Dear Johnson & Johnson: For Mother’s Day, Tell Parents the Truth About Your Dangerous Baby Powder
You may have heard about the $110 million dollar settlement Johnson & Johnson has been ordered to pay out to a West Virginia woman who was diagnosed with ovarian cancer after using the company’s baby powder and Shower to Shower products for decades.
What you didn’t hear in that report was the word ‘asbestos’ — but asbestos is the carcinogen in J&J’s talc-based products responsible for ovarian cancer in Lois Slemp and thousands of other women. More than 3,000 similar lawsuits have been filed against the company to date. Three such lawsuits have already required multi-million dollar settlements: In addition to Slemp’s nine-figure payout, Johnson & Johnson have paid settlements of $70 and $72 million.
For many of us mothers, J&J has always been considered the gold standard for baby products. Heck, the care package the nurses sent me home with after delivering my daughter Emily had J&J baby powder in it!
As a mesothelioma widow, mother, and someone who used J&J products on her only child — I feel a responsibility to tell you what the news won’t report and the company doesn’t want you to know.
A 2014 study found asbestos in cosmetic talc and reported that studies “suggested that talc, asbestos, or both may cause cancers through vaginal exposure.” A 2012 report from the International Agency on Cancer Research (IARC) found sufficient evidence to conclude and report: “Asbestos causes mesothelioma and cancer of the lung, larynx, and ovary.” And we’re actually advised to sprinkle this stuff on our precious babies?
Now, you may be questioning how this is possible — isn’t asbestos banned anyway? Most Americans are shocked to find that asbestos remains legal and lethal in the U.S. — I know I was when my late husband Alan was diagnosed. We actually continue to import hundreds of metric tons of raw asbestos every year for manufacturing.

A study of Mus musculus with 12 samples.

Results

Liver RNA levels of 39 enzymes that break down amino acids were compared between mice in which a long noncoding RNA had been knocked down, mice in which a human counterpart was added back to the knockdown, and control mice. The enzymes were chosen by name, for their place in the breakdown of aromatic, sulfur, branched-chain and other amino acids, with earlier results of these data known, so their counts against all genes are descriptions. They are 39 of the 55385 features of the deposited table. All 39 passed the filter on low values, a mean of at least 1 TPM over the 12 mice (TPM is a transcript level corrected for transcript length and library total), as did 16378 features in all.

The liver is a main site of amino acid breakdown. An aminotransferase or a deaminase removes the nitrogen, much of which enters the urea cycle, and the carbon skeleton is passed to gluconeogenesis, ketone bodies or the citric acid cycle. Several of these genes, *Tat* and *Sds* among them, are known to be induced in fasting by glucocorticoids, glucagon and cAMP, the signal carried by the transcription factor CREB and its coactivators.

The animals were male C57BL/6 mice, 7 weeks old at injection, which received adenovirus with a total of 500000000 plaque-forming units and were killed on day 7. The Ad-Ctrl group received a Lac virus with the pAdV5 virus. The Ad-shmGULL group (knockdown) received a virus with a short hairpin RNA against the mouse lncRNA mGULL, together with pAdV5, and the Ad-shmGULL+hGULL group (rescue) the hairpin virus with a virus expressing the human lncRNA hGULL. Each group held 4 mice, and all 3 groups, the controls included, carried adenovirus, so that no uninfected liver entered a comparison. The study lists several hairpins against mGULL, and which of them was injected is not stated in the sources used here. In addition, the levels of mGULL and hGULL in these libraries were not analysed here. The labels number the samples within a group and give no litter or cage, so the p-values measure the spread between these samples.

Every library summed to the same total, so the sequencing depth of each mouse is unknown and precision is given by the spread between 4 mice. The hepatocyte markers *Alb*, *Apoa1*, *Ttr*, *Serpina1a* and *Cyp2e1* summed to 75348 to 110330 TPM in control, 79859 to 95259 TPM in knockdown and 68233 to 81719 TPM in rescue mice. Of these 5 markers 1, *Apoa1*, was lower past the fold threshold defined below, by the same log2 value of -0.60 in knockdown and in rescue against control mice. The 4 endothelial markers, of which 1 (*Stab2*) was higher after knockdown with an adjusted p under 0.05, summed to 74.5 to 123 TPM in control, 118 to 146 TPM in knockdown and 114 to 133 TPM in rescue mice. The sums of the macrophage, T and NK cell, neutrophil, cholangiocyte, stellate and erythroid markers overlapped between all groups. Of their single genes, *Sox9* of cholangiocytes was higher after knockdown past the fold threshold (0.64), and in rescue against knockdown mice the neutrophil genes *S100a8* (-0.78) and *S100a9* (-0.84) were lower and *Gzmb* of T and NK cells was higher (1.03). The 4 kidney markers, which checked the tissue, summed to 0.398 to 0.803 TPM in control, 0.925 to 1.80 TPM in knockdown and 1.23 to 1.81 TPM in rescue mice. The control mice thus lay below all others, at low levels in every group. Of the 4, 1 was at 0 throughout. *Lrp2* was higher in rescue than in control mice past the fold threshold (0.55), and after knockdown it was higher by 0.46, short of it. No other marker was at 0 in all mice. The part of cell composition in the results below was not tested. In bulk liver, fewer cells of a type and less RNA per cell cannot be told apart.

Without a ban, we also import asbestos-contaminated consumer goods. In 2015, more than $4 million worth of contaminated products were brought into the country and onto the shelves of our stores. Independent testing found asbestos in children’s toys and crayons in as recently as 2015.
When it comes to asbestos-contaminated talc, the risk is widespread, starting at the mines themselves. The authors of the 2014 study of asbestos in talcum powder “traced the asbestos in the talc to the mines from which it originated, into the milled grades, into the product.”
The contamination risk isn’t limited to Johnson & Johnson products, either. In 2015, Colgate-Palmolive faced multimillion-dollar lawsuits for cancer caused by their asbestos-contaminated talc products.
“Every time I test a variety of the off-the-shelf cosmetics I always find asbestos in some of the talc,” Sean Fitzgerald, one of the researches involved with the 2014 study, told the Seattle PI. “This remains a hazard to consumers that should not be ignored.”
What adds insult to injury in this upsetting situation is the fact that still, despite being found liable for the cancers of multiple women already, J&J has failed to make any sort of statement warning the public about the dangers of their products. Call me crazy, but I believe we as consumers and parents have a right to know if the products we’re buying for our children are known human carcinogens.
Many companies have begun to substitute cornstarch in their formerly talc-based products in order to mitigate the health risk, and the 2011 Material Safety Data Sheet indicates that J&J did switch to cornstarch in at least some of their baby powder products. But simply changing the product formula isn’t enough, especially with nonperishable products that many consumers keep on their bathroom shelves for years. It is vital that J&J, Colgate-Palmolive, and others come clean about the about products that talc so we can discard any old products we may still have around, begin to monitor our health if we were exposed in the past, and make avoid purchasing any products that still contain talc.
Perhaps J&J didn’t know their talc was contaminated with asbestos when they sold it. I for one would like to believe that. But they know now, and if they want to retain any trust from the mothers of America, they need to come clean and tell their customers the truth about their potentially deadly products.